Despite calls for an expedited process and threats of withholding funds from the Chicago Archdiocese, Cardinal Blase Cupich says that he is committed to a full and thorough investigation into allegations of sexual misconduct made against Fr. Michael Pfleger, who remains on leave pending the outcome of that investigation.
Cupich spoke to NBC 5’s Mary Ann Ahern on Monday, discussing the accusations that led to Pfleger being asked to temporarily step aside from his ministry at St. Sabina earlier this year. In all, three individuals have levied accusations of sexual abuse against Pfleger.
Even with parishioners at St. Sabina pushing for a conclusion to the investigation, Cupich says he is committed to letting the investigation run its course, and says he is keeping a distance to help maintain his independence.
“I have to be independent, so I’m staying out of it completely,” he said.
Cupich says the archdiocese is not yet ready to wrap up its investigation into the allegations against Pfleger, a long-time priest who has become well-known for his outspoken and often controversial activism against violence in the city of Chicago.
“Since it’s out of my hands at this stage, and I’m not going to in any way interfere or put pressure on anybody, it will take as long as it takes,” Cupich says.
Pfleger and his attorneys have vehemently denied the allegations of sexual abuse.
Recently, parish officials at St. Sabina voted to withhold their monthly assessments to the Chicago Archdiocese until a decision was made in the Pfleger investigation. Those officials say the assessments tend to run around $100,000 per month, with $13,000 being earmarked to go directly to the archdiocese. Most of the rest of that money goes toward covering insurance and other expenses, according to the cardinal.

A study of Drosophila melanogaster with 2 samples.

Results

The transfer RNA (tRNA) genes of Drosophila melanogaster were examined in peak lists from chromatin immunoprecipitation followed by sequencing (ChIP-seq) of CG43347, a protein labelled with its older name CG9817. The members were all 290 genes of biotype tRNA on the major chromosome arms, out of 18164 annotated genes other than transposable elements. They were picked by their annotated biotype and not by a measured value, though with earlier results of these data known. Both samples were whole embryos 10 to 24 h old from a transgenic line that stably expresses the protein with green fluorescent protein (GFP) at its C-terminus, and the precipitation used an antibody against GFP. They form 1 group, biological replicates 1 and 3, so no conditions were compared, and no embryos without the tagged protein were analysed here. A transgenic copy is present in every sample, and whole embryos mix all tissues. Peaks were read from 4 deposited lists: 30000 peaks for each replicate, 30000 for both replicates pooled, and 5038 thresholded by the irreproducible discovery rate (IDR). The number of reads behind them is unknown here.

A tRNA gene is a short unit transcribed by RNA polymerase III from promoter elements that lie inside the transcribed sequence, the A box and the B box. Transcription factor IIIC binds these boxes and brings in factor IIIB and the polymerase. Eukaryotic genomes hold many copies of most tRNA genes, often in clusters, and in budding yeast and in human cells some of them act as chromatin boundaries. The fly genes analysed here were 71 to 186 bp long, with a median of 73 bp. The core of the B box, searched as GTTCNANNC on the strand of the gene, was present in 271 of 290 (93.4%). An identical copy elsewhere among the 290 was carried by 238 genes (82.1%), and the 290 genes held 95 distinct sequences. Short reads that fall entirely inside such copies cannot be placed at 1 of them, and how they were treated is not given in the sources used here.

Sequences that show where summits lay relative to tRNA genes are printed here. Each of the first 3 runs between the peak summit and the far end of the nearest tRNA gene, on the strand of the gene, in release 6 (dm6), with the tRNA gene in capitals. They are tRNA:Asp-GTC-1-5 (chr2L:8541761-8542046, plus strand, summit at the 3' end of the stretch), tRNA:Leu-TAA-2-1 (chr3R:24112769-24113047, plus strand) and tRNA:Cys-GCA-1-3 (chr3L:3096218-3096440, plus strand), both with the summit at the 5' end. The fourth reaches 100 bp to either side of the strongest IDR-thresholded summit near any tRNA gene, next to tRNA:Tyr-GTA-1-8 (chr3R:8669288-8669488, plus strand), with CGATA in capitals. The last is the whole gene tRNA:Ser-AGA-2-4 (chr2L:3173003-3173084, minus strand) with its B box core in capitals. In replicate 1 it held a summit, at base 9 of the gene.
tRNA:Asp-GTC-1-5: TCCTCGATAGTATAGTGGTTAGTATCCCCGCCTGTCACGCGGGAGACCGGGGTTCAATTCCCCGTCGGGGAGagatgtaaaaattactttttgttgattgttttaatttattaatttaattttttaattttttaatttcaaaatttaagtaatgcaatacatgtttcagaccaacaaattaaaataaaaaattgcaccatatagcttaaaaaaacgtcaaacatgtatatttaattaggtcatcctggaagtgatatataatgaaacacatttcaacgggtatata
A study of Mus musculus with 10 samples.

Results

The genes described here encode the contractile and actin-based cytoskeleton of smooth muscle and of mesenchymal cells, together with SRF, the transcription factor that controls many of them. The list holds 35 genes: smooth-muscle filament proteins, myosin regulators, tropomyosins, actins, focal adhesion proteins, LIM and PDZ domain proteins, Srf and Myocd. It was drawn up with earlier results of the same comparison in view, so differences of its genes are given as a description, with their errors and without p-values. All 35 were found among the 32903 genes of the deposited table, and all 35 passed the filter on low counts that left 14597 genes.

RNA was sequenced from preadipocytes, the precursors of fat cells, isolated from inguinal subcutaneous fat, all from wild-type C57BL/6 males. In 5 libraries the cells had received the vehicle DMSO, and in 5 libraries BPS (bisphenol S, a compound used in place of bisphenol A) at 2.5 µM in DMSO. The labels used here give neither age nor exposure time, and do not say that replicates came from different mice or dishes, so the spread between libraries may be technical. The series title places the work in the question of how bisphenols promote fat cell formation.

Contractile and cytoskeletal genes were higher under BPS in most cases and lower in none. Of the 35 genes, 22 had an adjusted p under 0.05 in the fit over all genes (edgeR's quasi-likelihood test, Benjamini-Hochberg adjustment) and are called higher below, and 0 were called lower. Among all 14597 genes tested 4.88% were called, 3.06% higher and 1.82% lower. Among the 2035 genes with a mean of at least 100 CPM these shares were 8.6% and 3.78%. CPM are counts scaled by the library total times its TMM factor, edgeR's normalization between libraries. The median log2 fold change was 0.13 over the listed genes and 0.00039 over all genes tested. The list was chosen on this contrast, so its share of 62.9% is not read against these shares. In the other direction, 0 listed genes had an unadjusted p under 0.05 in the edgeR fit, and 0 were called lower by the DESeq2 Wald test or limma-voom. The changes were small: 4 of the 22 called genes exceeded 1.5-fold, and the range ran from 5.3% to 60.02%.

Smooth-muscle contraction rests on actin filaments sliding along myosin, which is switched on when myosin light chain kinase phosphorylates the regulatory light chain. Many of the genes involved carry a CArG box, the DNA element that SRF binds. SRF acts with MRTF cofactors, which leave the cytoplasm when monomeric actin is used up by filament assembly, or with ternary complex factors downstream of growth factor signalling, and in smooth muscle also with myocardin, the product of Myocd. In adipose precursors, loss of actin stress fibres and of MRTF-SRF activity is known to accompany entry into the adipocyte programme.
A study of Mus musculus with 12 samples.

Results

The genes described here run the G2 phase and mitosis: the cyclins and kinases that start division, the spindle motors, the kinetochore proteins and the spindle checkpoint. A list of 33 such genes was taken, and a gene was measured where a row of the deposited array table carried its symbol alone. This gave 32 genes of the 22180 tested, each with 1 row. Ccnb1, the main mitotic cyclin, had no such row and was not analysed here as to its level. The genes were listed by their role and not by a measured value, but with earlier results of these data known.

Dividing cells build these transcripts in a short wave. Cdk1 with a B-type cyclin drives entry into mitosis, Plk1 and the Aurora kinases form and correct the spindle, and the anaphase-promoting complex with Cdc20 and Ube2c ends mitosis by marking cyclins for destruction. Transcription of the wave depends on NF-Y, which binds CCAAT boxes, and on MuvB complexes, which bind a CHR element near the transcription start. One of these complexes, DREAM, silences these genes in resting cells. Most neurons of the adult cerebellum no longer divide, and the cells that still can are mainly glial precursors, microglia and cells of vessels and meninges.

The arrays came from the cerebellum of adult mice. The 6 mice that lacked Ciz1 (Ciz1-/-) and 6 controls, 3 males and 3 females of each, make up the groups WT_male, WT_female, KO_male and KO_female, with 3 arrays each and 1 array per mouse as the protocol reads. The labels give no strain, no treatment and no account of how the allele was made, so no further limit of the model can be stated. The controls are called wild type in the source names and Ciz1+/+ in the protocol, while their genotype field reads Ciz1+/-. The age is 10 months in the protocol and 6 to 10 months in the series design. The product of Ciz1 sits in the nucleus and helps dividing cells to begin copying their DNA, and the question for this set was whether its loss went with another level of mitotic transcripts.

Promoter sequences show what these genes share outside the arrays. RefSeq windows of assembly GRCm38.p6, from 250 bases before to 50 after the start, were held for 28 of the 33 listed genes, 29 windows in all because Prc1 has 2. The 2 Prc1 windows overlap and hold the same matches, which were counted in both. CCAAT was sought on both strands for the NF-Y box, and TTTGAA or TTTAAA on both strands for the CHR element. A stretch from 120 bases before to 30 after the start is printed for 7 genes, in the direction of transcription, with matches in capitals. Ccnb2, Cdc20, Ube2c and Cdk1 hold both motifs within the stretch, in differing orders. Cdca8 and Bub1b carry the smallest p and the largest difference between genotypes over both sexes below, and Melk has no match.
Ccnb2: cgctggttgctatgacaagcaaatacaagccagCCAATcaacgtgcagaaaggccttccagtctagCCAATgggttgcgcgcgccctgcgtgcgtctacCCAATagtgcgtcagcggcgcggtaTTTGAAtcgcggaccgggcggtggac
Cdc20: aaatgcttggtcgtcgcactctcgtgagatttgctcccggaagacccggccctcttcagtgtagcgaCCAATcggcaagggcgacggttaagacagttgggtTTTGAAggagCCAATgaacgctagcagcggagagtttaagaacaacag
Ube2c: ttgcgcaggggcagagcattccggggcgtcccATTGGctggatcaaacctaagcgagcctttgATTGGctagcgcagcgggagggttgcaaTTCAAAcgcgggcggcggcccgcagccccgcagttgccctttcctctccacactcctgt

“The assessment they’re talking about is really the reimbursement that covers their obligations to their employees for health insurance, but also their liability insurance,” Cupich explains.
Cupich says that the archdiocese is attempting to work through issues with those at St. Sabina, and he also expressed concern that some donors who have contributed money to the parish in the past are no longer doing so.
“I think that’s very sad because our ministry is not about a person. It’s about the mission itself,” he says.
Cupich also wants to make sure that others who may want to speak out about potential abuse feel free to do so.
“Yes, it’s painful that these accusations come to light after so many years, but nonetheless we still have to treat people with respect, no matter how long ago it was and we want to continue to do that,” he says.